Despite walking 12-15 miles per day, I have never lost weight while doing a Camino. Dinner last night at the Gite d’Étape LaGrange will help you understand why.
Along the Camino routes in France, a pilgrim can stay at “gîtes.” They are privately owned by a local families. Rooms have 2-4 beds in them, but these are not hostels. Far from it, in fact. There are no bunk beds. Sheets are included. And many times there is an en suite bathroom. But the best part of a gîte? You have the option of “demi-pension” which means “half-board.” This means your hosts will cook and serve you dinner and as well as breakfast the next morning. In the case of the Gite d’Étape LaGrange, my dinner, night’s rest, and breakfast came to a grand total of 32 Euros (maybe 36 dollars). If you think that’s a deal, wait until you see the video of the place. (Click here.)
Oh — and that dinner? Well, I’m in France. Take a guess as to how amazing it is. But for those of you who have not yet had the pleasure of eating in France, I’ll elaborate. And those of you that have had a meal in France, well, I’m sure your mouth is watering already.
At seven p.m. the ten of us staying in the gite gathered around the table, which was set and already had bottles of wine and pitchers of water as well. Our host, Christian, deposited two bowls on our table. The first was a salad of mostly tomatoes and hard-boiled eggs as well as some lettuce, all dressed in the mustard vinaigrette that seems to be traditional (as I’ve had it all over France and in Switzerland as well). The second bowl contained the famous Le Puy green lentils, cooked in some sort of vinaigrette as well, from what I could tell.
After some time partaking of these dishes, our host came back to the table to encourage us to finish everything in the serving bowls. Person after person passed on the salad, so it was left to Ed and I to do our part. Ed, a middle school American History teacher from Baltimore, took some of the salad, and when I asked if he wanted any more before I finished it he said, “Oh, no. I need to leave room for the next course.”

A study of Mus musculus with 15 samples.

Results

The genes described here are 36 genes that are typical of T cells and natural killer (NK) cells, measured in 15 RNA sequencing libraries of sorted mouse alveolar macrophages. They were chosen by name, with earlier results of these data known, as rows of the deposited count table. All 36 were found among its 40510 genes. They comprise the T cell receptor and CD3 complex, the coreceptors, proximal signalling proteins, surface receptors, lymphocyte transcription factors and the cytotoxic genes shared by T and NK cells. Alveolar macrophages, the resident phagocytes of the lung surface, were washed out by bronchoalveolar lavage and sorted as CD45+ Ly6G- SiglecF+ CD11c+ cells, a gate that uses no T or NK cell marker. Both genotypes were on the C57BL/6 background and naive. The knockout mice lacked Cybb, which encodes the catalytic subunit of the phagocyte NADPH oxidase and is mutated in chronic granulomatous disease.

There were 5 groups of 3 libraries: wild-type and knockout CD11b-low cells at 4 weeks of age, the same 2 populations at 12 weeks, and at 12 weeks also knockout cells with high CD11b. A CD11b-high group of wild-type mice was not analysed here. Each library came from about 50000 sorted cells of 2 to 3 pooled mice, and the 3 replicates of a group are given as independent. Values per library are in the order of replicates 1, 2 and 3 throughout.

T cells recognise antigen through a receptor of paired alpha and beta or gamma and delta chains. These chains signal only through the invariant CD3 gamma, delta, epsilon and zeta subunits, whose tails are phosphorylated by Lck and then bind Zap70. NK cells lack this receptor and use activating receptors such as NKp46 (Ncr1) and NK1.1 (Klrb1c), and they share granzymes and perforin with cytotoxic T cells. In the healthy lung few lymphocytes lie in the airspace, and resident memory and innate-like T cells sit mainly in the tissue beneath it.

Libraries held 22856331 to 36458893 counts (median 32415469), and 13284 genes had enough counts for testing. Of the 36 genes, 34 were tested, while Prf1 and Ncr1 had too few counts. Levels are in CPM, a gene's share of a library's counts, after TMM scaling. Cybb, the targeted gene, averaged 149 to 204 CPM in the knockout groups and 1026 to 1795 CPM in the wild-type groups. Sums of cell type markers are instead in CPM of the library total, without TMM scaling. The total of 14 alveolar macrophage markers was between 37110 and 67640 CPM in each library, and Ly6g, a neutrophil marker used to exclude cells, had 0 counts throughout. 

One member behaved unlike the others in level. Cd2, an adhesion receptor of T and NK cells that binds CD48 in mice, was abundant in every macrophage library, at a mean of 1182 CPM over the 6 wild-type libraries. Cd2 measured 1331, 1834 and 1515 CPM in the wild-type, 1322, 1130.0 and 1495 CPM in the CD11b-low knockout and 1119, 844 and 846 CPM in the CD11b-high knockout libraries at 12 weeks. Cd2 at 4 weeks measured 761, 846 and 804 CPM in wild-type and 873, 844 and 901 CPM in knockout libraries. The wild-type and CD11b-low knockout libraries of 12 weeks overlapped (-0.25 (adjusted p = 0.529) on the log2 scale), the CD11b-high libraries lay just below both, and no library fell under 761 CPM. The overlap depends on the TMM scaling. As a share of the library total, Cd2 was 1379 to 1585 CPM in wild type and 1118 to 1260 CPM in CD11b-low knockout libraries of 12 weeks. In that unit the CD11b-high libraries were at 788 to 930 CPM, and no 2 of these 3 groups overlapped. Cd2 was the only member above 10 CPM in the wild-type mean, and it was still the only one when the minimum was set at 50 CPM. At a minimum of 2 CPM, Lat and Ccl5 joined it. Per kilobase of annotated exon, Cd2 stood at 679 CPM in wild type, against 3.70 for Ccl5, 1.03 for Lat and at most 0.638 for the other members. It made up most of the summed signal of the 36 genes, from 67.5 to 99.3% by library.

“The next course?” I asked. “I thought this was our dinner.”
“Oh, no,” he assured me. I could have left the table satiated at that moment, but having walked 10 miles, I didn’t think I’d have trouble eating something else.
For our main course, Christian served us thick links of baked sausages (another regional speciality) and the creamiest mashed potatoes I’ve ever had. I can assure you his wife Françoise (who does the cooking) didn’t use skim milk to make them.
Next came a plate of cheeses. Two, Christian explained, were made locally. The third was a type I’d had the day before less than 10 miles away in Le Puy-en-Velay. Apparently “local” here means “made in this town.” Christian explained that all the cheeses were made from cow’s milk. Not that it mattered. I was in France. There was cheese. Of course it was going to be good. (For the record: I was right.)
On the Camino in Spain, when a meal includes dessert, dessert is a piece of fruit or a small cup of plain yogurt accompanied by a packet of sugar. Certainly not what we Americans would consider dessert. So you can understand why I thought the cheese was our dessert. “Nope,” Ed said. “That was just the cheese course.” Well, duh. Of course the French would have a separate course during which the only goal is to enjoy some of the country’s cheeses.
So just when I thought things couldn’t get any better, Christian, for his final performance, brought out slices of chocolate cake. And of course it was unlike anything I’d had in the U.S. It wasn’t nearly as sweet. You could actually taste the chocolate as opposed to the sugar.
And so it was that two hours after we started, the ten of us cleared the table for our host. Yes, we were paying for the meal and for his service, but when you have a meal like that money just doesn’t seem enough.
So don’t worry about me. I’m doing quite well here in France. Perfectly content to not lose a single pound this entire trip.